Ingalls to shutter shipyard next year due to cuts in destroyer program
Published: September 4,2013
Tags: defense, Gulfport Composite Center of Excellence, Huntiongton Ingalls Industires, Irwin Edenzon, manufacture, manufacturer, manufacturing, Mike Petters, military, ship, shipbuilder, shipbuilding, U.S. Navy, Zumwalt-class destroyer
GULFPORT — Huntington Ingalls Industries says it will close its Gulfport shipyard by May 2014.
In an announcement this morning, the Newport News, Va.-based company said the shutdown is necessary because of a reduction in work for the Navy’s Zumwalt-class destroyers.
Company president and CEO Mike Petters said the Navy has switched to steel for use in future ships.
The decision, he said, means more limited demand for products produced by the company’s Gulfport Composite Center of Excellence.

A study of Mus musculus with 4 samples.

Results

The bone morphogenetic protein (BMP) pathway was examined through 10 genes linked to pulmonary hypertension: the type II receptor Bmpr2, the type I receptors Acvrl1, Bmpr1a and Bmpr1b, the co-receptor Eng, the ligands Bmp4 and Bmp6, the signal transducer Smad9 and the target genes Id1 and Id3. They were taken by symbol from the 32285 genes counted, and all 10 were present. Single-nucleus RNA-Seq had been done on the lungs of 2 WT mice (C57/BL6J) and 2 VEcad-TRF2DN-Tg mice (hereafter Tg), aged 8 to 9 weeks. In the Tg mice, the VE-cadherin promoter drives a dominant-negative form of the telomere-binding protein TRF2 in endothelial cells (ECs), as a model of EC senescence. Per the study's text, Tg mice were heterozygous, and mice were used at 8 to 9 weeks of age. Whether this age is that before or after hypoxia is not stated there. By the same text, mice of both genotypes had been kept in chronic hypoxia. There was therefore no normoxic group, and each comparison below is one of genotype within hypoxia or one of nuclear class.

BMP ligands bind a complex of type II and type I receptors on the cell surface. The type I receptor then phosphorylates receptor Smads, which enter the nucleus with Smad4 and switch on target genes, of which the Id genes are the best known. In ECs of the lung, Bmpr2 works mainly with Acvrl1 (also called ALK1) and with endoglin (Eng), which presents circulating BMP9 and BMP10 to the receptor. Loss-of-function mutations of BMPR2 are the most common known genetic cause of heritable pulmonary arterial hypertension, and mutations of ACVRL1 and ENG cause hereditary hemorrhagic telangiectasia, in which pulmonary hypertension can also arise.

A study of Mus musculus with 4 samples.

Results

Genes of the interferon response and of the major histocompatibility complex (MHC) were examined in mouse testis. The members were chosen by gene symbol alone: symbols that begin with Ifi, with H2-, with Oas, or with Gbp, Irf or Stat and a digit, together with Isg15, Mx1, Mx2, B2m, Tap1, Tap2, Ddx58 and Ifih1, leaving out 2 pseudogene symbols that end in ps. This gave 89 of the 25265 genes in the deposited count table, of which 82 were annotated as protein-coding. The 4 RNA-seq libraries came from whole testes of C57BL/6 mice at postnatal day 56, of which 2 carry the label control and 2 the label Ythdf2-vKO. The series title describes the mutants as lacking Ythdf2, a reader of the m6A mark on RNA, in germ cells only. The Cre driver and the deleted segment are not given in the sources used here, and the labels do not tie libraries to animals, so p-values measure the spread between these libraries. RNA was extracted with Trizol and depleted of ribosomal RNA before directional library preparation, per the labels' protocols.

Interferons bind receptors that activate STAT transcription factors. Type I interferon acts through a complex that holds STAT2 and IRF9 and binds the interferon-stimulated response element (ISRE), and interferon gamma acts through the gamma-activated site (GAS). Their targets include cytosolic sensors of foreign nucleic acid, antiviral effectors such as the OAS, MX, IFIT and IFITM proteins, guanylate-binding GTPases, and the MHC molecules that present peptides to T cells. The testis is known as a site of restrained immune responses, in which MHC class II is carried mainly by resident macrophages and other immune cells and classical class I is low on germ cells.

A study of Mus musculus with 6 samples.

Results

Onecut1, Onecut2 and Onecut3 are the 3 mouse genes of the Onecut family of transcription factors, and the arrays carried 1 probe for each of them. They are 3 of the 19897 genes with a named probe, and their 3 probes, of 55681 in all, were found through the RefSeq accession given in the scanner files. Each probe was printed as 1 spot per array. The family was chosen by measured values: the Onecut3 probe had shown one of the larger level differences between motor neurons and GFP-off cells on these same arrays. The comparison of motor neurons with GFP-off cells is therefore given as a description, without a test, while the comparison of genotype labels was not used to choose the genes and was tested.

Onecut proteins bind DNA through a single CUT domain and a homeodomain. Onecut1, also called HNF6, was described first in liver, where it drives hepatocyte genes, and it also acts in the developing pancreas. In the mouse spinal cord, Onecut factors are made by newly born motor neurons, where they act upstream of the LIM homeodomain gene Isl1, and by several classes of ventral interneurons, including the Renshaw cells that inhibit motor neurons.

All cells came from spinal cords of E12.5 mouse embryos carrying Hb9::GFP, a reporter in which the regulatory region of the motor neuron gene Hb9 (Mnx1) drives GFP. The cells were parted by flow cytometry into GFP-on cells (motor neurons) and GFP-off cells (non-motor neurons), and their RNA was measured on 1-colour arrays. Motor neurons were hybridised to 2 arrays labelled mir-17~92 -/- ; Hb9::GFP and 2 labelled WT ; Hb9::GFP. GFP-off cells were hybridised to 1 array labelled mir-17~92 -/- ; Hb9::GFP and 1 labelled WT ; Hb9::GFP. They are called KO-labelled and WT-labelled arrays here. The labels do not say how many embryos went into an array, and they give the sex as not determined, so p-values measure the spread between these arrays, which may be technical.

“This is a difficult but necessary decision,” Petters said in a statement. “Due to the reduction in the Zumwalt-class (DDG 1000) ship construction and the recent U.S. Navy decision to use steel products on Lyndon B. Johnson (DDG 1002), there is both limited and declining Navy use for composite products from the Gulfport Facility.”
Petters said work now underway in Gulfport is expected to be complete by the end of the first quarter of 2014.
“We are working closely with our Navy customer to efficiently complete our composite work on Michael Monsoor (DDG 1001) and the mast of Portland (LPD 27) by the end of the first quarter 2014,” said Irwin Edenzon, Huntington Ingalls corporate vice president and president of Ingalls Shipbuilding.
The company said some of the 427 workers at the Gulfport yard may be able to transfer to other Huntington Ingalls yards.
Ingalls also has shipyards in Pascagoula and in Avondale, La., a suburb of New Orleans.
Neither appears to be affected by Wednesday’s announcement though the company has already downsized the Louisiana facility.